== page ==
The Digital Media Manifesto



L. Chiariglione


Interoperable DRM Platform (IDP), Interoperable End-user Devices (IED) and short-term IED (IED-s)




1. Introduction

The DMP work plan approved at the Heidelberg meeting defined two development threads

  1. Technical Specifications (TS) for Interoperable DRM Platform (IDP) and Interoperable End-user Devices (IED). Requirements for IDP and IED should be developed through the TRU process

  2. TSs for short-term IED (IED-s). The nature of IED-s and their Requirements (RQ) are TBD.

Purpose of this contribution is to help to

  1. clarify the relationship between the mainstream TSs (1.) and the short-term TSs (2.)

  2. identify specific instances of IED-s

  3. assess the feasibility of IED-s TSs.

2. The relationship between IDP/IED TSs and IED-s TSs

Assuming that the value chain is a linear process (which it does not have to be), the DMP TSs for IDP and IED can be graphically represented as

Here it is assumed that DMP will develop TSs for the "Author" interface and the "End-user" interface and for some other interfaces in between. Note that the block "n" could well be the so-called "authorised domain".

The relationship between IDP/IED TSs and IED-s TSs are embodied in IE. IE for IDP/IED TSs is likely to be a very rich interface supporting the functionalities that TRUs demand. However, IE for IED-s TSs (let's call it IE') is going to be an interface with much reduced functionalities.

It only makes sense to develop IED-s TSs if IE' is a subset of IE.

3. Instances of IED-s

The motivation for developing IED-s TSs are:

  1. The DMP work plan calls for IDP and IED TSs to be approved in October 2005. The necessary EEC support will only become available in July 2006. In the fast-moving industry environment, this is way too far into the future.
  2. There are several proprietary deployments under way. Even though the jury is still out on the eventual market acceptance of these deployments, IED-s TSs would enable devices and services with similar functionalities but bases on DMP interoperability principles.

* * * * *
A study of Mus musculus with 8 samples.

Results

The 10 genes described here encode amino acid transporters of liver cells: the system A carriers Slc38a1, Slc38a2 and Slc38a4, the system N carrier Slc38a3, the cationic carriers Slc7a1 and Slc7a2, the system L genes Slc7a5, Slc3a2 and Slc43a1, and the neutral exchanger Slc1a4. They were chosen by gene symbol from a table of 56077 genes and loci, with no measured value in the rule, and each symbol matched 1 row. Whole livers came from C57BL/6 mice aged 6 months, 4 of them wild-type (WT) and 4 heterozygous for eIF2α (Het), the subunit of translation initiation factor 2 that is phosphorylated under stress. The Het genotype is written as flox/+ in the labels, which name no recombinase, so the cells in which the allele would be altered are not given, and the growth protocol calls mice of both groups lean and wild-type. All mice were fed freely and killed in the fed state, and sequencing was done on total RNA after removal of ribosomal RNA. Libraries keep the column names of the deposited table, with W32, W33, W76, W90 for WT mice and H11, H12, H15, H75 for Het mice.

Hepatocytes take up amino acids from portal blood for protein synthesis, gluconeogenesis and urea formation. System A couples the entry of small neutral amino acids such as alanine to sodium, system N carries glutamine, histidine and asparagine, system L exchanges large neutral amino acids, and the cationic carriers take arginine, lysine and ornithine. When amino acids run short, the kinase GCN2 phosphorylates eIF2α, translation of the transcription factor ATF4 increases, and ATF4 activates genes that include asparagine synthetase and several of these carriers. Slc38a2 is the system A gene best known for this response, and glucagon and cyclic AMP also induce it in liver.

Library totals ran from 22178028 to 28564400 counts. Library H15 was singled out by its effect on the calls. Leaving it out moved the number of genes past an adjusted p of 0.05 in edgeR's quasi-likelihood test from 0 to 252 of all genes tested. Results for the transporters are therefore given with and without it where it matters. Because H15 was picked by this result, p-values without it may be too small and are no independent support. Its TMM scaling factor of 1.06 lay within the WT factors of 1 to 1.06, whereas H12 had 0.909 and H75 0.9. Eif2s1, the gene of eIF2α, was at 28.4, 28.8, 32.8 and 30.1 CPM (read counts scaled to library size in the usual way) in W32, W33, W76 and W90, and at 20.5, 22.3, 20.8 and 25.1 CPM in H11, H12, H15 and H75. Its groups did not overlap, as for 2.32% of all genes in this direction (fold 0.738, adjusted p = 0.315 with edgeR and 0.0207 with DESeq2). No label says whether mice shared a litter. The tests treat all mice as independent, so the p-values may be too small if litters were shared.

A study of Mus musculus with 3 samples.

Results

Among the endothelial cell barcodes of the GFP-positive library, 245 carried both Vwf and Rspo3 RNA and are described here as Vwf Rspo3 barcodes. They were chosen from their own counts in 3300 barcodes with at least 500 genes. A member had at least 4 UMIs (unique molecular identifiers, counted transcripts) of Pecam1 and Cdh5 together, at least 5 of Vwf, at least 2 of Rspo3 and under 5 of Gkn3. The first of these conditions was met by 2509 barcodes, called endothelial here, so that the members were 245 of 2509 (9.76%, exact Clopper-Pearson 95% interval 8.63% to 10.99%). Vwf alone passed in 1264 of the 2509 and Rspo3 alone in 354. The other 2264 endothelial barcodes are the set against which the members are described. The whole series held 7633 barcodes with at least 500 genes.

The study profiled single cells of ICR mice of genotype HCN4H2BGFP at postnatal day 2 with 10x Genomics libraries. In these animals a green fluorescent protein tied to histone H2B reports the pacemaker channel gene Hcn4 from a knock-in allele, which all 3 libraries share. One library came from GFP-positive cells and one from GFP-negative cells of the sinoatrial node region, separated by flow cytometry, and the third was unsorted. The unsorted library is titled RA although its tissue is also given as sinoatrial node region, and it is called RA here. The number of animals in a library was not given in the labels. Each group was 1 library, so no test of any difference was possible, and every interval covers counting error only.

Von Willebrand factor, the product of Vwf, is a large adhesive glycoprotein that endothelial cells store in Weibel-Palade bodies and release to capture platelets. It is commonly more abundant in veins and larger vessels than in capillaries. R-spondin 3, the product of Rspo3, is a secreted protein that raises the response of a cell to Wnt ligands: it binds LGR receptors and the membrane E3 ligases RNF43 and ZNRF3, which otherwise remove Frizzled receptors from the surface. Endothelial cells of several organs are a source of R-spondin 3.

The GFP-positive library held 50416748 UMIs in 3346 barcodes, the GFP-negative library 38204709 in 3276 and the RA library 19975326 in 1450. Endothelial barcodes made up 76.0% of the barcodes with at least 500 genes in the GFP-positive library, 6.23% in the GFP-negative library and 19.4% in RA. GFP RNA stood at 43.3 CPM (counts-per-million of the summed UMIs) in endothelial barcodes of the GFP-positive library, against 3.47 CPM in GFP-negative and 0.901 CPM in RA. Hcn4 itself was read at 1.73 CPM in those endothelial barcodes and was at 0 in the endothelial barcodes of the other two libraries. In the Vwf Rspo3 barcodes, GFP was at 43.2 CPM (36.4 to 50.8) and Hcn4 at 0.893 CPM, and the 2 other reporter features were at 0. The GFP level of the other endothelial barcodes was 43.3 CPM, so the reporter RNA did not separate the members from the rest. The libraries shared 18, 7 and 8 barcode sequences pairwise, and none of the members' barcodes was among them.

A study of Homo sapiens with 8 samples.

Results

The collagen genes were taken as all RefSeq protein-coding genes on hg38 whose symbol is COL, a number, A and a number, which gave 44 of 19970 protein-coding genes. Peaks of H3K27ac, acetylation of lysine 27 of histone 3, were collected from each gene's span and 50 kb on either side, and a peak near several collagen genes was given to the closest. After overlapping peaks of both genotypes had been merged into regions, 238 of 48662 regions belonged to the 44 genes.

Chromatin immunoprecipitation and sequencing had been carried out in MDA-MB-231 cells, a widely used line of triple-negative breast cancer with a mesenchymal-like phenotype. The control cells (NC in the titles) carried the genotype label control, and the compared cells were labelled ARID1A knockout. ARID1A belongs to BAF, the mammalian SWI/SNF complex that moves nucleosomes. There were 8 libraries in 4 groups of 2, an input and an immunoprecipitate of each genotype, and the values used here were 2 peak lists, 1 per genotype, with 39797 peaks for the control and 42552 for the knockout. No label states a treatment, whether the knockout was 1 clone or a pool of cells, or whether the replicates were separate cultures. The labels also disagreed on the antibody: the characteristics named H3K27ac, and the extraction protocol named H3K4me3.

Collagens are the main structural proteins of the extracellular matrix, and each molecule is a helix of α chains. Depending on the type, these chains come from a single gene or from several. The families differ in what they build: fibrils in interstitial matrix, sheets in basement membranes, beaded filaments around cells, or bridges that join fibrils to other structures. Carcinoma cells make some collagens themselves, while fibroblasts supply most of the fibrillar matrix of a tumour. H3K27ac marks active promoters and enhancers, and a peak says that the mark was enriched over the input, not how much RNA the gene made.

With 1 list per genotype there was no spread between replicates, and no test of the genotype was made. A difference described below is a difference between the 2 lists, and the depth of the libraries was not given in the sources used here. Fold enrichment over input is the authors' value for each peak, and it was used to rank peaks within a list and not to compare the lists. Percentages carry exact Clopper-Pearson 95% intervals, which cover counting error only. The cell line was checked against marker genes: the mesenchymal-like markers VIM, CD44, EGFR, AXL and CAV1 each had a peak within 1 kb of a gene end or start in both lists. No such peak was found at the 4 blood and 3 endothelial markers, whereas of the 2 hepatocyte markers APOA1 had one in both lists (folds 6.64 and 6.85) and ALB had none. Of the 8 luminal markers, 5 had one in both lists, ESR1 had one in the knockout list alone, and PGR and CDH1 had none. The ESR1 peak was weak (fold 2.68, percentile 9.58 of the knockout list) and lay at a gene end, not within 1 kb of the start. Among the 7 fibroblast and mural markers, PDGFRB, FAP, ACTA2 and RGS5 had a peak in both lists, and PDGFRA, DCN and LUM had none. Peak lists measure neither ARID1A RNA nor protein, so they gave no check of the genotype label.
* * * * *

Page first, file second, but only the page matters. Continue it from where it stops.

3. Concentrating on end-user devices is a simplification of a complex problem. Still it should be possible to develop IED-s TSs that support a meaningful subset of features of the full IDP and IED TSs. This exercise should also provide a valuable sanity check on the full DMP process.

For GA01 three specific IED-s cases were proposed:

  1. portable music devices
  2. pay TV devices
  3. Internet TV devices.

For item 1. and 3. there are a number of deployments under way. For item 2. the deployment is ongoing since 10 years.

4. Feasibility of IED-s TSs

This paragraph attempts to answer the question: assuming that the proposed IED-s will be retained by GA02, is it reasonable to shoot for TSs in the planned time frame (April 2005)?

What follows intends to show that for each technology needed there is at least one solution that has been developed that makes the development of IED-s TSs feasible. It is not an indication that the technologies specifically mentioned here will be those actually employed in IED-s TSs.

4.1 Portable music devices

For portable music devices there is a need for a file format. MPEG has developed the MP4 File Format that is being largely used (e.g. by 3GPP).

To provide users with the ability to purchase protected music from any source, without the need to change the playback device, in such a way that content providers can retain the freedom to choose the security technology that suits them, there is the MPEG IPMP-X technology, that can be housed in the MP4 File Format.

The MPEG Rights Expression Language (REL) could be used to enable richer forms of content usage.

The MPEG-4 File Format is being extended to support carriage of MPEG-7 audio metadata (see committee draft of "Music Player Application Format", a new line of MPEG standards).

It is also conceivable that DMP Portable Music Device TSs can make use of some technologies standardised by Content Reference Forum.

4.2 Pay TV devices

For pay TV devices there is a need of a similar technology as for DMP Portable Music Devices. If subscribers to pay TV services want to have the ability to get pay TV programs from any source, without the need to change the set top box, in such a way that any content provider can retain the freedom to choose the security technology that suits them, they can use the MPEG IPMP-X technology.

It is also conceivable DMP Pay TV Devices TSs can make use of some technologies standardised by TV Anytime.

4.3 Internet TV devices

IED-s TSs for Internet TV devices can rely on ISMA specifications.

5. Conclusions

From the above it can be deduced that the development of IED-s TSs does not require the development of new technologies but the selection, adaptation and harmonisation of existing specifications.

The challenge for DMP is to re-use existing standards and develop IED-s TSs in such a way that IE in IED-s TSs do not become a collection of separate specifications.